PythonTeX allows you to run Python code from within LaTeX documents and automatically include the output. This document serves as an example of what is possible with PythonTeX.∗
We can typeset code that is passed to Python, and bring back the results.
This can be simple. For example,
print('Python says hi!')
returns the following:
Python says hi!
Or we could access the printed content verbatim (it might contain special characters):
Python interaction can also be more complex.
print(str(2**2**2) + r'\endinput') returns
16. In this case, the printed result includes LaTeX code, which is correctly interpreted by LaTeX to
ensure that there is not an extra space after the 16. Printed output is saved to a file and brought back in
via \input, and the \endinput command stops input immediately, before LaTeX gets to the end of the
line and inserts a space character there, after the 16.
Printing works, but as the last example demonstrates, you have to be careful about spacing if you have
text immediately after the printed content. In that case, it’s usually best to assemble text within a
PythonTeX environment and store the text in a variable. Then you can bring in the text later, using the
command brings in a string representation of its argument. First we create the text.
Then we bring it in:
command can even bring in verbatim content.
We don’t have to typeset the code we’re executing. It can be hidden.
And then we can access it later:
This is a message from Python.
It is also possible to perform variable substitution or string interpolation. The earlier result could be
PythonTeX supports syntax highlighting via Pygments. Any language supported by Pygments can be highlighted. Unicode is supported. Consider this snippet copied and pasted from a Python 3 interactive session. (Using random strings of Unicode for variable names is probably not a good idea, but PythonTeX will happily highlight it for you.)
There is also a Pygments command for inline use:
PythonTeX includes an environment that emulates a Python interactive session. Commands are entered within the environment, each line is treated as input to an interactive session, and the result is typeset.
It is possible to refer to the values of console variables later on in inline contexts, using the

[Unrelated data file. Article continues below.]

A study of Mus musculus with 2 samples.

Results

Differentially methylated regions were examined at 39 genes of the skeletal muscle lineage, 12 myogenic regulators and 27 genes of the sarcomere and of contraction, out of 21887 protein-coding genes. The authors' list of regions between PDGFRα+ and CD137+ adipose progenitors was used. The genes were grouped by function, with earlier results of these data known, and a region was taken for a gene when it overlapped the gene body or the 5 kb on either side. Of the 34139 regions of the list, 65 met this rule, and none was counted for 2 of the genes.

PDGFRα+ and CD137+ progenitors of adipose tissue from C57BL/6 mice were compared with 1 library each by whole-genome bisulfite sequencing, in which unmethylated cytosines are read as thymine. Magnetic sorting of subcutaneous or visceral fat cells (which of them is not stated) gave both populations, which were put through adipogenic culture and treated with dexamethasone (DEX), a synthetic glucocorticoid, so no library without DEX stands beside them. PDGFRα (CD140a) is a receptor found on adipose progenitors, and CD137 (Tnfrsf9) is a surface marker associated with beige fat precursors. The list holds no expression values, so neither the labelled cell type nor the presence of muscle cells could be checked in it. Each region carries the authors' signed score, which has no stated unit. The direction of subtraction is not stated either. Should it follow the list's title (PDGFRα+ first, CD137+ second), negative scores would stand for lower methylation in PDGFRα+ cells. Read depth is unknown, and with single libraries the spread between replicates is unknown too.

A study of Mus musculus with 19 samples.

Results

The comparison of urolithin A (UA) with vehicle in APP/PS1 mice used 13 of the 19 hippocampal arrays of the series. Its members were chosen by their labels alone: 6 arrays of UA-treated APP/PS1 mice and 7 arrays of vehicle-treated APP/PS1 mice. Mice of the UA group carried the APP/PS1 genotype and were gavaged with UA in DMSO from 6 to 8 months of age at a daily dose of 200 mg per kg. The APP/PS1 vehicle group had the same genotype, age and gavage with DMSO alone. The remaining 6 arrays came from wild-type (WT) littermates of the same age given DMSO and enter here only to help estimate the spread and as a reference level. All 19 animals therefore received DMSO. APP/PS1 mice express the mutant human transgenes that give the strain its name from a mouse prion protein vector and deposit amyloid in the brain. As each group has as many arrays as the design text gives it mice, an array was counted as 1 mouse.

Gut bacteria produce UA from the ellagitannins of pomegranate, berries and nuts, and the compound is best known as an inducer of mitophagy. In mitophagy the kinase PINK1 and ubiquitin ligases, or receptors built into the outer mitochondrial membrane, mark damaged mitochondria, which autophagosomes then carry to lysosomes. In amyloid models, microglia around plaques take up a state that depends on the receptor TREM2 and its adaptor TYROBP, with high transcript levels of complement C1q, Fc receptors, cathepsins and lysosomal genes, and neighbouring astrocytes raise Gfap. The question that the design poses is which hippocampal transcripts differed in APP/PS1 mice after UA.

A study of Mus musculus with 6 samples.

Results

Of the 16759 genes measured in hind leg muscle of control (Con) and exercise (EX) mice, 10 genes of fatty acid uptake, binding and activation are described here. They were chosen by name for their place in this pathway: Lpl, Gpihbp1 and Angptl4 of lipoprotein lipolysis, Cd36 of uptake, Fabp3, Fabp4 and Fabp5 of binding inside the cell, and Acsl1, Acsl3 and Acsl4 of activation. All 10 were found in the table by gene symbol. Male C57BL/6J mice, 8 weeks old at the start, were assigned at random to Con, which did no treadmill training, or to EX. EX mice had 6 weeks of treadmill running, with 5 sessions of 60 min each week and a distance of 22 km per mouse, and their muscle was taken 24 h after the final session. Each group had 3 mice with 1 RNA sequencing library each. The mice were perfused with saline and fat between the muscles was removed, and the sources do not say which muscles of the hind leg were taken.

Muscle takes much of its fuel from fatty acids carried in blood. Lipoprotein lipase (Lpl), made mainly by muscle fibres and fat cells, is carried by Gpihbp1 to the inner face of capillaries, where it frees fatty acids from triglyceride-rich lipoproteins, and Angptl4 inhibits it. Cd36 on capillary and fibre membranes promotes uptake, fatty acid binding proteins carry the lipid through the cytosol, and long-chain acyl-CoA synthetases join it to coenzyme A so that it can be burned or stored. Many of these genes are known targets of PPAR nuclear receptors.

\pycon command. For
example, the value of
PythonTeX allows us to perform algebraic manipulations with SymPy and then properly typeset the results.
We create three variables, and define in terms of the other two.
Now we can access what is equal to:
Many things are possible, including some very nice calculus.
It’s easy to use arbitrary symbols in equations.
We can create plots with matplotlib, perfectly matching the plot fonts with the document fonts. No more searching for the code that created a figure!
It is possible to pass page dimensions and similar contextual information from the LaTeX side to the Python
side. If you want your figures to be, for example, a particular fraction of the page width, you can pass the value of
\textwidth to the Python side, and use it
in creating your figures. See
in the main documentation for details.
You may want to use matplotlib’s PGF backend when creating plots.
PythonTeX allows some amazing document automation, such as this derivative and integral table. Try typing that by hand, fast!
Using SymPy, it is possible to typeset step-by-step solutions. In this particular case, we also use the mdframed package to place a colored background behind our code.
Step-by-Step Integral Evaluation
PythonTeX allows code to be typset next to the stderr it produces. This requires the package option makestderr.
This code causes a syntax error:
The package option stderrfilename allows the file name that appears in the error message to be customized.
∗Since PythonTeX runs Python code (and potentially other code) on your computer, documents using PythonTeX have a greater potential for security risks than do standard LaTeX documents. You should only compile PythonTeX documents from sources you trust.